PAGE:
There are many people who could qualify for the lead role in the Parable of the Celtic Tiger – I wrote an entire book full of contenders. But in years to come, the movie grade tale of the rise and fall of former solicitor Thomas Byrne will surely cast one of the most illuminating lights on the boom-to-bust cycle that engulfed Ireland.
I first heard Thomas Byrne's name on Saturday, October 13, 2007 – the morning that the Irish Independent broke a story about an as-yet-unnamed solicitor who specialised in property law and who had engaged in an alleged €30m mortgage fraud involving four banks.
I got a call about a solicitor in trouble and Byrne's name was mentioned. The caller was wrong about the name: the story was in fact about another notorious solicitor.
But the caller's instinct was right.
Within days, a sensational wave of debt-related claims washed up in the courts.
When a series of so-called "rogue solicitor" actions hit the Commercial Court – the big business division of the High Court – banks rushed to secure multi-million euro judgments amid claims that they had been defrauded by high-flying lawyers.
Curiously, few rushed to the Garda Fraud Bureau asserting their victim status.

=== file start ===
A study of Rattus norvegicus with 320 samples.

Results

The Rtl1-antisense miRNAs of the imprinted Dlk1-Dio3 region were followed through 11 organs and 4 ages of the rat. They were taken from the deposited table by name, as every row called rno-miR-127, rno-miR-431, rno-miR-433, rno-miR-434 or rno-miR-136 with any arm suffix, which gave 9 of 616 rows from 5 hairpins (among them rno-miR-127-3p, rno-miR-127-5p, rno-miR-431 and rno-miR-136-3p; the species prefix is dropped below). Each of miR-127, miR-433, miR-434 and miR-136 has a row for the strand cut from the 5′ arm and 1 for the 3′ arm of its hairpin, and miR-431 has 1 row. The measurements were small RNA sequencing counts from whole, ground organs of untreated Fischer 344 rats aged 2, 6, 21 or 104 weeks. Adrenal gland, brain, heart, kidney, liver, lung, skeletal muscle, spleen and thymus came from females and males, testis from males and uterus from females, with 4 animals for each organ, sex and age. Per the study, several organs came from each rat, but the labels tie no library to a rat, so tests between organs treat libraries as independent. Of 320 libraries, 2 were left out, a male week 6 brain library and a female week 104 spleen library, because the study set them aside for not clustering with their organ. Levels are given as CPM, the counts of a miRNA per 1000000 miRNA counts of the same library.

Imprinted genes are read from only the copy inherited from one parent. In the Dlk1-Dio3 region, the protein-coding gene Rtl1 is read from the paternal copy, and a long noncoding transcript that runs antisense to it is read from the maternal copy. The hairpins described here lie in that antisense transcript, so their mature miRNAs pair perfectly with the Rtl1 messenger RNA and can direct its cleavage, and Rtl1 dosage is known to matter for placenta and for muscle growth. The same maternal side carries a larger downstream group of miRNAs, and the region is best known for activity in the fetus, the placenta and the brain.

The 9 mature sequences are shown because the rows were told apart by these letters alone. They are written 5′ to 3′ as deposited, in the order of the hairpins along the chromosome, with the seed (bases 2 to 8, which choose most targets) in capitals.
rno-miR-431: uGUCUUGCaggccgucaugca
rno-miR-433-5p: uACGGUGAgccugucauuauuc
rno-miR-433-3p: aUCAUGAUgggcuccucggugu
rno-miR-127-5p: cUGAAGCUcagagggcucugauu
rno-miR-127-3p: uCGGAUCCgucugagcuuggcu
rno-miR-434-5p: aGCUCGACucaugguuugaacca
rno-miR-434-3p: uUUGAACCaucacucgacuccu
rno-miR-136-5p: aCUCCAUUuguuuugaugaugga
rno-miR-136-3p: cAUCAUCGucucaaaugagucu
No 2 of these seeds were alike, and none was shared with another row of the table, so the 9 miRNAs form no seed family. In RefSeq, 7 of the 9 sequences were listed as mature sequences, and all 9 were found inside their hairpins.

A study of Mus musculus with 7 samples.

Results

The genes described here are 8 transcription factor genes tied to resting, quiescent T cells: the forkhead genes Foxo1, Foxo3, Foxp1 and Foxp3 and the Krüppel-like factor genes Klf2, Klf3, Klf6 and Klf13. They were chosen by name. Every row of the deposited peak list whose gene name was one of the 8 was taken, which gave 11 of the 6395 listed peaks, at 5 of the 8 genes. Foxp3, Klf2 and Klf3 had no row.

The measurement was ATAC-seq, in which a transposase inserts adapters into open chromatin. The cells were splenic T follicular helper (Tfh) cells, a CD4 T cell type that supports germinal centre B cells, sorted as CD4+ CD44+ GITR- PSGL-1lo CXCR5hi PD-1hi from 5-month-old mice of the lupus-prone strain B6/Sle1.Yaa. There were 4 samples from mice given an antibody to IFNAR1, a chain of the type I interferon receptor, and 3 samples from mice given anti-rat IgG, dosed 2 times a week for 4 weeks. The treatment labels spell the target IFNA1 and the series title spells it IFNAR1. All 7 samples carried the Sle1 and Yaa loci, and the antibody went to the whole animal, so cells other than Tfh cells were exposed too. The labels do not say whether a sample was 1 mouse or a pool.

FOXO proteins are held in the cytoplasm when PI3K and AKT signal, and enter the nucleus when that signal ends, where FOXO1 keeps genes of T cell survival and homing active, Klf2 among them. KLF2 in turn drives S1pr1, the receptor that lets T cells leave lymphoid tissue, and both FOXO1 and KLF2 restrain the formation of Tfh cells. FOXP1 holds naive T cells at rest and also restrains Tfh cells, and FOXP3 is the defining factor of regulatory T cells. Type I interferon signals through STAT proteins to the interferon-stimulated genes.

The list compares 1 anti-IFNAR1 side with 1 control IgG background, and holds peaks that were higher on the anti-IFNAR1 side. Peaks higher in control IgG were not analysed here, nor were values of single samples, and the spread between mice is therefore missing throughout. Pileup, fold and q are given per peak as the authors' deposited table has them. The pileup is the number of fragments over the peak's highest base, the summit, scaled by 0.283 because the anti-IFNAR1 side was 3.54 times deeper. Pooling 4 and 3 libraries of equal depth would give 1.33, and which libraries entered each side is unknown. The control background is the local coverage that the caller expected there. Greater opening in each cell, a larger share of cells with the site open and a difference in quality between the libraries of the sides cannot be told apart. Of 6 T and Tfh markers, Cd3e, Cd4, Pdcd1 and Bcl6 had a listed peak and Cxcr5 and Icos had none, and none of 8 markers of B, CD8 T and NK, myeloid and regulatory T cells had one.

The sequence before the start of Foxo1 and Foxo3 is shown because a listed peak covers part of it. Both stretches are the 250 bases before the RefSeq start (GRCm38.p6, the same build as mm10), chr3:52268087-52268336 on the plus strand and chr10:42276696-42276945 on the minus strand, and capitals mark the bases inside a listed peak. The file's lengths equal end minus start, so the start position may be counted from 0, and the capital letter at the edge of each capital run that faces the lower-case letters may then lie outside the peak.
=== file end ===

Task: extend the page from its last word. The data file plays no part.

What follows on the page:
When news that Thomas Byrne's practice was shut down in October 2007, there were immediate fears about his personal safety and rumours that he fled the country.
During dramatic evidence throughout his recent trial, Byrne confirmed that he had indeed fled Ireland after an incident in the cold store of a Centra shop where he feared he would be killed. Instead, Byrne – who broke down several times during his landmark trial – was given a hug and €10,000. He returned to Dublin after his solicitor, Dave Christie, told him to come home and face the music.
Byrne, who was struck off the solicitor's role in 2008, received some credit for coming home to face the music. But he faced the music in a most extraordinary way.
The prosecution portrayed him as an out-and-out gambler who didn't throw in the towel when the stakes went higher and a liar who betrayed his closest friends and trusted clients.
For his part, the separated father of three portrayed himself as a reluctant property magnate forced under duress to defraud banks to satisfy the voracious financial appetite of developer John Kelly, his former business partner.
Byrne cuts a strange figure. Impeccably polite, he seemed genuinely pained when 11 former clients, some of them close friends, denied his bizarre claims that they had either sold their properties to him or agreed the houses could be transferred into his name so he could borrow vast sums of money.
Even more incredibly he insisted that those same friends had lied in order to get compensation from the Law Society, the ruling body for solicitors.
The trial was repeatedly told that the banks were not on trial, but in some sense they were.
For all the complexities surrounding the flawed character of Thomas Byrne, his crimes were quite simple.
And his sentence will be closely watched to see how this sorry parable truly ends.
Dearbhail McDonald is Legal Editor and the author of Bust: How the Courts Exposed the Rotten Heart of the Irish Economy (Penguin 2010).